Cat’s CradleKurt VonnegutContents

17. The Girl Pool

Dr. Breed’s secretary was standing on her desk in his outer office tying an accordion-pleated Christmas bell to the ceiling fixture.

“Look here, Naomi,” cried Dr. Breed, “we’ve gone six months without a fatal accident! Don’t you spoil it by falling off the desk!”

Miss Naomi Faust was a merry, desiccated old lady. I suppose she had served Dr. Breed for almost all his life, and her life, too. She laughed. “I’m indestructible. And, even if I did fall, Christmas angels would catch me.”

“They’ve been known to miss.”

Two paper tendrils, also accordion-pleated, hung down from the clapper of the bell. Miss Faust pulled one. It unfolded stickily and became a long banner with a message written on it. “Here,” said Miss Faust, handing the free end to Dr. Breed, “pull it the rest of the way and tack the end to the bulletin board.”

Dr. Breed obeyed, stepping back to read the banner’s message. “Peace on Earth!” he read out loud heartily.

Miss Faust stepped down from her desk with the other tendril, unfolding it. “Good Will Toward Men!” the other tendril said.

“By golly,” chuckled Dr. Breed, “they’ve dehydrated Christmas! The place looks festive, very festive.”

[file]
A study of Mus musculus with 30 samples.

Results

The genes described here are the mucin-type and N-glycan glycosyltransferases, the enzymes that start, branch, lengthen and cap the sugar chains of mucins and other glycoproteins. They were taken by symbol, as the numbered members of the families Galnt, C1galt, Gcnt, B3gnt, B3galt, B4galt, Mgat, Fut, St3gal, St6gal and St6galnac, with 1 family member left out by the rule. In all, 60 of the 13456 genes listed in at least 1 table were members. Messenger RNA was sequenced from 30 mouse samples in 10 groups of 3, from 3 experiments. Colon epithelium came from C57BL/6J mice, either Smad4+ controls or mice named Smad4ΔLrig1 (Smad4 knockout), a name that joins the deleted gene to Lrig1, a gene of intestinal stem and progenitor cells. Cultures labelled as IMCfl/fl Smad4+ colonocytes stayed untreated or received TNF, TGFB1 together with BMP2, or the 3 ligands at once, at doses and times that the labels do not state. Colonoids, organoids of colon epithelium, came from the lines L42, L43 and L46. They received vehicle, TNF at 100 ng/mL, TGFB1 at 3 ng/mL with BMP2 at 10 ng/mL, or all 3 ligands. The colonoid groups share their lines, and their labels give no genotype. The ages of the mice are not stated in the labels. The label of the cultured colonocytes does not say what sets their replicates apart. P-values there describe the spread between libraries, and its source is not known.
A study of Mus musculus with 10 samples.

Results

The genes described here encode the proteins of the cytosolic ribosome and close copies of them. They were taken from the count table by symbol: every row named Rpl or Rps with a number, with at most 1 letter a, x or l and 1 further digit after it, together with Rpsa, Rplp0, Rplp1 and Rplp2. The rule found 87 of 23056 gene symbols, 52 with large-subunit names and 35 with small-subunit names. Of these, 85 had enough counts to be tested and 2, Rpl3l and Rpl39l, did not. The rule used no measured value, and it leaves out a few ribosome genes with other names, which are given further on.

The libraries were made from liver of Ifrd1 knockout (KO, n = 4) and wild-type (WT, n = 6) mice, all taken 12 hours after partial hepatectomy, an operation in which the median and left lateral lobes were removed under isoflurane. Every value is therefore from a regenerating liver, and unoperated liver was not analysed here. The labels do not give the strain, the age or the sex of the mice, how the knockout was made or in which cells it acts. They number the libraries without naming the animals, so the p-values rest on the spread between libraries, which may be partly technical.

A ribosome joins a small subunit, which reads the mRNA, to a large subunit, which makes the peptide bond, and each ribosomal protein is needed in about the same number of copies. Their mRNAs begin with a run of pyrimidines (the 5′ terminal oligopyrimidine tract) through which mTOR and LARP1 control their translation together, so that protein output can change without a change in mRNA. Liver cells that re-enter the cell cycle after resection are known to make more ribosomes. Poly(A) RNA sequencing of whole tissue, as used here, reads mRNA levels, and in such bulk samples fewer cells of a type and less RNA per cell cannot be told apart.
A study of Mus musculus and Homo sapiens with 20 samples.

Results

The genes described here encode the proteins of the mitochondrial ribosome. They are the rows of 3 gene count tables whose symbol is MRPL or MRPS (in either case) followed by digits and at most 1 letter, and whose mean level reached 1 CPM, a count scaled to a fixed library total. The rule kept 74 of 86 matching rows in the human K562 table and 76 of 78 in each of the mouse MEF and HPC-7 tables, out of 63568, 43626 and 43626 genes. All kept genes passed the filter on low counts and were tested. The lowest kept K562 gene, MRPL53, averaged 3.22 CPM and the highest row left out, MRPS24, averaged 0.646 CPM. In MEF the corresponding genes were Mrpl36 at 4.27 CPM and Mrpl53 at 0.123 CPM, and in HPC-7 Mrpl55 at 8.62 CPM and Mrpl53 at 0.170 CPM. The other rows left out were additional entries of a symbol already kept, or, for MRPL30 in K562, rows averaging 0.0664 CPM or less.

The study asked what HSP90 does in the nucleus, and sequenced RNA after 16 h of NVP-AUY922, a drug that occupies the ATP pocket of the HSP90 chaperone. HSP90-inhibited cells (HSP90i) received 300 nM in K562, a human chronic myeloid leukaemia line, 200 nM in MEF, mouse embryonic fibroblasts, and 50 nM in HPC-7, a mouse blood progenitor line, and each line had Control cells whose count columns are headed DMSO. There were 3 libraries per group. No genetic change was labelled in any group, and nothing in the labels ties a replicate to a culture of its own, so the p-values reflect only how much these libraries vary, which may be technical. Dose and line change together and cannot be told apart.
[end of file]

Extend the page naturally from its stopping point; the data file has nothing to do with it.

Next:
“And I remembered the chocolate bars for the Girl Pool, too,” she said. “Aren’t you proud of me?”

Dr. Breed touched his forehead, dismayed by his forgetfulness. “Thank God for that! It slipped my mind.”

“We mustn’t ever forget that,” said Miss Faust. “It’s tradition now—Dr. Breed and his chocolate bars for the Girl Pool at Christmas.” She explained to me that the Girl Pool was the typing bureau in the Laboratory’s basement. “The girls belong to anybody with access to a dictaphone.”

All year long, she said, the girls of the Girl Pool listened to the faceless voices of scientists on dictaphone records— records brought in by mail girls. Once a year the girls left their cloister of cement block to go a-caroling—to get their chocolate bars from Dr. Asa Breed.

“They serve science, too,” Dr. Breed testified, “even though they may not understand a word of it. God bless them, every one!”